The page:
My body as a chapel
My body doesn’t produce little secrets anymore. All I see is thongs growing from the opened archives. I might like to get drunk, I might like to piss out, stain in my calved holiness, what God make me see; a little boy struggling to unswallow his secrets in his mother’s face.
My body belongs to men with stolen ghost, salt makes it glisten, water makes it weaker, touches make it God’s blunt teeth. I walk into a club at Oakland & dance in the ballroom like my body is not the chapel anymore, where God house his saliva for holy water.
His blood for purple vinegar. His flesh for communion host. His voice rings like a bell inside me, music can’t steal it from me. I close my ears, pin my fingers closely, try to listen to silence. My teeth crisp, a palm stretch divides me.
you are a dressed sin, he says. I close my eyes, rip in my concentration, try to forget about men holding my waist, pulling God’s blood out of me with a touch. I say over & over again to myself, you won’t walk out of temptation, temptation is a knife cutting you out of god’s tongue.
Bringing you closer to places pleasure is a new God. Too many sins too close to your soul. My body takes God out, toss it secrets again & again, thongs make a home of me, I peel my sadness out, try to hang it to evade the wetness.
I trip in the street, I run into the chapel, I levitate, guilt pour out of my mouth. I kiss the holy book as a form of prayer. Keep God inside me where he belongs, my secrets. Try for my thickened body. Soil my skin more, empty I evade.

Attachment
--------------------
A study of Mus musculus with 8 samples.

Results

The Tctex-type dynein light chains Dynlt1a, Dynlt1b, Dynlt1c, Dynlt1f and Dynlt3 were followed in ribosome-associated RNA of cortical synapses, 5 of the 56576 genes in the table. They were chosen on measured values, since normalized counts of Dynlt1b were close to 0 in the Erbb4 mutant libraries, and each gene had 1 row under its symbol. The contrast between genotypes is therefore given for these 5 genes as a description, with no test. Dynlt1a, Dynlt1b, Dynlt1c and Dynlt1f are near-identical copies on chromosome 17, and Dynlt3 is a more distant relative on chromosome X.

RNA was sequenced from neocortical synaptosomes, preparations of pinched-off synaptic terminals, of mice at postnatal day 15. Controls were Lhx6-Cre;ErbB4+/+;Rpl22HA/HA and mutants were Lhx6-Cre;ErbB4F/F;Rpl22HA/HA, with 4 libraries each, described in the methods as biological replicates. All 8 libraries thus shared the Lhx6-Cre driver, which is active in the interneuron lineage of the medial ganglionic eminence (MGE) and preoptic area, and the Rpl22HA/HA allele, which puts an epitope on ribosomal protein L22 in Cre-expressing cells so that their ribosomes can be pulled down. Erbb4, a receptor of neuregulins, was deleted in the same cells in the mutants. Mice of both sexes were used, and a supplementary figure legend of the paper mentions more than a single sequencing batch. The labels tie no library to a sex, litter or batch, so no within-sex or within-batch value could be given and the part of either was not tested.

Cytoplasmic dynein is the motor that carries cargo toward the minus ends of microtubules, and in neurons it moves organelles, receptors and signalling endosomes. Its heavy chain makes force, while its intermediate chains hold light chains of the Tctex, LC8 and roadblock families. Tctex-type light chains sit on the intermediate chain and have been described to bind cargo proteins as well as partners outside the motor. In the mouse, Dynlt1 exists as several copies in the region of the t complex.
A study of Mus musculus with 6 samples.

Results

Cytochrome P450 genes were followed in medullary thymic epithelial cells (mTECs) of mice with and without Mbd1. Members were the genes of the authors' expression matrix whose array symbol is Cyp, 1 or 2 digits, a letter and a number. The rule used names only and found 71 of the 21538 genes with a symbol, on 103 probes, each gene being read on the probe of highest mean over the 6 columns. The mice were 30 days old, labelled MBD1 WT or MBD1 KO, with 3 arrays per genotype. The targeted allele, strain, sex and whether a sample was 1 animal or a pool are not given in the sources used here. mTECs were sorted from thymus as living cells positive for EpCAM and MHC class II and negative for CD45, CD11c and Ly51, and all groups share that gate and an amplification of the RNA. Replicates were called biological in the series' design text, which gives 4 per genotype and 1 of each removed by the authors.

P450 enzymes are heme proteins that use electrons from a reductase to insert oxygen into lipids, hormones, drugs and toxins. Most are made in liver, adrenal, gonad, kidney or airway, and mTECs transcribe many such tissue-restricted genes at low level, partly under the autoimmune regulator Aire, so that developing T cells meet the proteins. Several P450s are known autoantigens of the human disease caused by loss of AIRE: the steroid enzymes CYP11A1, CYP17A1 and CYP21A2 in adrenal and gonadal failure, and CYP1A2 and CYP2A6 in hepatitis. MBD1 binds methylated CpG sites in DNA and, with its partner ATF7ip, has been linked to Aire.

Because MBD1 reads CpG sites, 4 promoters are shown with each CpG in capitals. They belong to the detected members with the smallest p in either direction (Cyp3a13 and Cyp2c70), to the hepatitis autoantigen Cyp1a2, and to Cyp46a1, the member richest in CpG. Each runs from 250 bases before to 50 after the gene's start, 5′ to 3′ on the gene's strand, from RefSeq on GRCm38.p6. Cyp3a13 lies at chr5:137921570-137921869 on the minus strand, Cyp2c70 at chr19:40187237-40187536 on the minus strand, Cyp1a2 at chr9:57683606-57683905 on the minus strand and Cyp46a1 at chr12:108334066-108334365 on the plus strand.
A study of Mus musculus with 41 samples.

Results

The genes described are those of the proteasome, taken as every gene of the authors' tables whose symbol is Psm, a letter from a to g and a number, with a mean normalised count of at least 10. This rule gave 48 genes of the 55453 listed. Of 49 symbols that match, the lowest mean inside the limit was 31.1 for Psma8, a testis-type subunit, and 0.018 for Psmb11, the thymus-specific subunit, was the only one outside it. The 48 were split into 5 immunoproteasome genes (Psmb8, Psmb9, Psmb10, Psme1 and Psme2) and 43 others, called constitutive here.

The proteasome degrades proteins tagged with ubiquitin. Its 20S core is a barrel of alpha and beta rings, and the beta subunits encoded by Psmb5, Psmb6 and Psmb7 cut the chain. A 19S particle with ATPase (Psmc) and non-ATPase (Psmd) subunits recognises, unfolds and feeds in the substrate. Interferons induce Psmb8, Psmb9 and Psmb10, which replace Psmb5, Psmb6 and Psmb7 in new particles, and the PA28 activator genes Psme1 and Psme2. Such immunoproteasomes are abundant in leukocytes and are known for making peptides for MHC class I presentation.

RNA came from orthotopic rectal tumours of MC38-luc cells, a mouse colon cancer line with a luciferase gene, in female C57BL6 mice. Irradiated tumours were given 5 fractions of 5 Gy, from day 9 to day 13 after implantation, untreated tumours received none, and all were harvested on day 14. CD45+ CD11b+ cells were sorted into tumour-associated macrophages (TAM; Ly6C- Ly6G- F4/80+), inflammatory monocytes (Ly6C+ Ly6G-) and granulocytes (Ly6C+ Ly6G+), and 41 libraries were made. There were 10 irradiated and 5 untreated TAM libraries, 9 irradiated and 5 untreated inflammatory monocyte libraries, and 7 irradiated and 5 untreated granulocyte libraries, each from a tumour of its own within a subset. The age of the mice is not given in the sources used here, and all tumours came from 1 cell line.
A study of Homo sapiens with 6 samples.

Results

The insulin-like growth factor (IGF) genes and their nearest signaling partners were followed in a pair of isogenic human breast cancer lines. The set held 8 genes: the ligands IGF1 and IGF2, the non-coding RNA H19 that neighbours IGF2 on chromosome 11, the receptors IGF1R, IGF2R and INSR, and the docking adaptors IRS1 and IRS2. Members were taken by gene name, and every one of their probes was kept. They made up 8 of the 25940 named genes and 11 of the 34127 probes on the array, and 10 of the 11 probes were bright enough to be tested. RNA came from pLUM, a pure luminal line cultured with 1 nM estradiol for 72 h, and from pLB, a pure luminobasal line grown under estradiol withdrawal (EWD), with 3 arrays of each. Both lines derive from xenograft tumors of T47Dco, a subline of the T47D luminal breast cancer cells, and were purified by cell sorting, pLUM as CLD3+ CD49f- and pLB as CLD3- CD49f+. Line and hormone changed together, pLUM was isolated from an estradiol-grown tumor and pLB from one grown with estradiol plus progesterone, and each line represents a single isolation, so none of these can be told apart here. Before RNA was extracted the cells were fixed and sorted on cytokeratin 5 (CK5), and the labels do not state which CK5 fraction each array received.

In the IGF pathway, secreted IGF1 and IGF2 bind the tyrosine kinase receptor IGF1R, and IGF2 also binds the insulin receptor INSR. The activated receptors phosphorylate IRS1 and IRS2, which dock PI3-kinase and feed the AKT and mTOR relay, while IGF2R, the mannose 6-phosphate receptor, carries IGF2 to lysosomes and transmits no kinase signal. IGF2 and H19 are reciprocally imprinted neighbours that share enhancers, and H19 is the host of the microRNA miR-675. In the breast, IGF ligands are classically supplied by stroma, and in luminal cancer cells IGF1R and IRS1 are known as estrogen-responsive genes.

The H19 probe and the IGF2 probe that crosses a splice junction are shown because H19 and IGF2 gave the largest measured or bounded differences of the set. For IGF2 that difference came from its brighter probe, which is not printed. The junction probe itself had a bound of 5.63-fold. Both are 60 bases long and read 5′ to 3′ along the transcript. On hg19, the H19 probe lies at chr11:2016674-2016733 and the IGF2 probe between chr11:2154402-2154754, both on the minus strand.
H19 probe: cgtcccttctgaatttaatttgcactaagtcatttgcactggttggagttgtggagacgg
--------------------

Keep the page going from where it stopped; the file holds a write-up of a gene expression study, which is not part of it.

The tradition of smoke
Vacuum smoke trap my breath
ice deep-motioned of red florid blossom my oxen like faded teethed light
It is the tradition of my cuticles to inhabit the burns of bearded men’s finger touches
We try for love try for romance
open our mouth more & say the words love want to hear a rawboned silence in between us so hardened like a blue-black empty space
It’s bigger of us to take a touch of our greased black skin
the red sun touch us first like sweating bullets
gun cocking our names out of our tongues
A pulsing of blood we chew the moment for the space beyond the dark lift our hands up & fright covers us like rain
We borrow a language sew our teeth finer
Isolate the bruises
Stomach the pains drink dribbling water
swallow our saliva like a drainpipe call unto God for another day
without disappearing into another trouble
Ugonnang-Ora Owoh lives in Nigeria. His poems have been published or forthcoming in British Configo Magazine, Agbowo, Pangolin Review, Eunoia Review, Rigorous. He’s a 2018 young romantic prize finalist & a 2018 Fowey prize recipient. He has been featured on pride magazine & Puerto Del Sol black voices series.